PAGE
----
8pm, Friday Night, London – nothing says weekend like going out-out for overpriced cocktails. A quick dash into Sainsbury’s to pick up the mandatory Prosecco for predrinks (are we still calling it predrinks? Is there not a more grown-up word? It feels so university) and I arrive approximately 45 minutes late to the girls’ house. I walk through the door and oh, right… meet my four clones. Standing before me are my friends, all dressed in an identical uniform of a black polo neck top (sleeved and sleeveless variations) a black skirt (fitted or flared – both welcome) or black skinnies, and finally, of course, the perennial wardrobe-pleasing black ankle boots. Oh, and let’s not forget there’s 8 pairs of dark smoky eyes staring right back at me. Despite us all having totally different sartorial taste by day (like the Spice Girls), by night, my best gal pals and I morph into copycat clones – a gothic girl band, inappropriately dressed funeral guests, Posh Spice x 5.
When you’re going out-out, finding the appropriate balance between what looks sexy, what looks effortless, what’s appropriate for the dress code, and what looks cool is no longer a little bit of an issue, but a huge challenge that would have Gok Wan running away quicker than you can say “waist-cinching belt.” Apply all these filters to your wardrobe and what’s left? A semi-sheer blouse. Skinny jeans. A slinky sleeveless top. And a skirt. All in the deepest darkest shade of black, of course. Now where’s the imagination in that?
It all starts with a dress code. And with the death of so many nightclubs, it makes it a hell of a lot harder to figure out what this mystery going out-out dress code is now that the generic rule of ‘little dress and high-heels’ no longer exists. Now that we’ve all grown out of clubs – or they are all closing down – we go to bars (then leave when we realise it’s populated almost entirely with couples on painfully awkward Tinder dates.) Alternatively, we go to pub-clubs (the type that at some point between 10pm and midnight, usually around the time your friend coerces you into reliving uni life with a Jaegerbomb, the furniture magically disappears, a DJ shows up and the whole place begins to resemble a club inside your Granny’s house, complete with old oak tables and weird red walls.) Last time I checked, there wasn’t a dress code for the pub. So what the hell do you even wear? Someone give me some rules to abide by? The sartorial struggle is so real it’s making my brain hurt.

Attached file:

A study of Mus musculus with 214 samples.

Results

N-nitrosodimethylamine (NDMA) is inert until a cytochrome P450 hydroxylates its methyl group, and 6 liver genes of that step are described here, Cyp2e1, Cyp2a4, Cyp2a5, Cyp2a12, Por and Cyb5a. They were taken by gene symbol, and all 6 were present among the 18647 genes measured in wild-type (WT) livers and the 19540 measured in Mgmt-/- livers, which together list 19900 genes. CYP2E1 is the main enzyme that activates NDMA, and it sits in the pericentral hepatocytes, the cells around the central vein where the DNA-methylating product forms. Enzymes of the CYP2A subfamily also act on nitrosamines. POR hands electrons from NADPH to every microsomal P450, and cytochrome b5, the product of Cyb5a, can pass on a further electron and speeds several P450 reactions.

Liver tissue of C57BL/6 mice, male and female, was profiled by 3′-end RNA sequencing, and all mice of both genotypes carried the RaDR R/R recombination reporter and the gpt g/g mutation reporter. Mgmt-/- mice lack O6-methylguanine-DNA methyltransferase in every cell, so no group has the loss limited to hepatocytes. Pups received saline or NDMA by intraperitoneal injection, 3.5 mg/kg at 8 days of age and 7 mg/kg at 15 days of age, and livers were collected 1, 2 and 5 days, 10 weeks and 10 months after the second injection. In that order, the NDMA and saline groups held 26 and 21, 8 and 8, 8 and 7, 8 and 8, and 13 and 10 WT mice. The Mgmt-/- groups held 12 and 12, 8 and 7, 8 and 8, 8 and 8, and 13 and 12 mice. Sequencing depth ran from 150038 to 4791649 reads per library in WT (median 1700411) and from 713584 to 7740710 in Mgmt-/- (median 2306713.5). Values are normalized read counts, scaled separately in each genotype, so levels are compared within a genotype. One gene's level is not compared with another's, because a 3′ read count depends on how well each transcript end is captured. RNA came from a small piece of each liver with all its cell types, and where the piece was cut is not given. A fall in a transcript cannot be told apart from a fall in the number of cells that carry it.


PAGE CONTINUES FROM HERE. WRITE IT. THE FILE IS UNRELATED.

The most frustrating thing is that I look to my wardrobe and see it bursting with interesting things – and there is a fashionable rep to keep up somewhere. There’s a few jazzy dresses, but strangely, they feel a bit too well, dressy… a bit too wanker-banker that would be more at home during a boozy client dinner in the City. Jeans and a T-shirt feel too slobby, like you just don’t care (and not even in a cool, effortless way.) Actual high heels are way too inappropriate, as let’s face it, pub floors are gross and the chances are you’re going to step onto something – or someone – that you won’t want to be peeling off when you’re hungover tomorrow. And jumpsuits? One word: toilets. It’s a clear no-go. There’s a time and a place for everything in your wardrobe, but when you’re heading out-out, it all just feels a little bit wrong. Nothing seems to fit, and with that there’s no other option than to go back to black.
If someone has Gok Wan’s phone number, can you tell him that I need his help?
Here’s my failsafe Friday night outfit and some colourful clothes just in case you too are stuck in this trap tonight.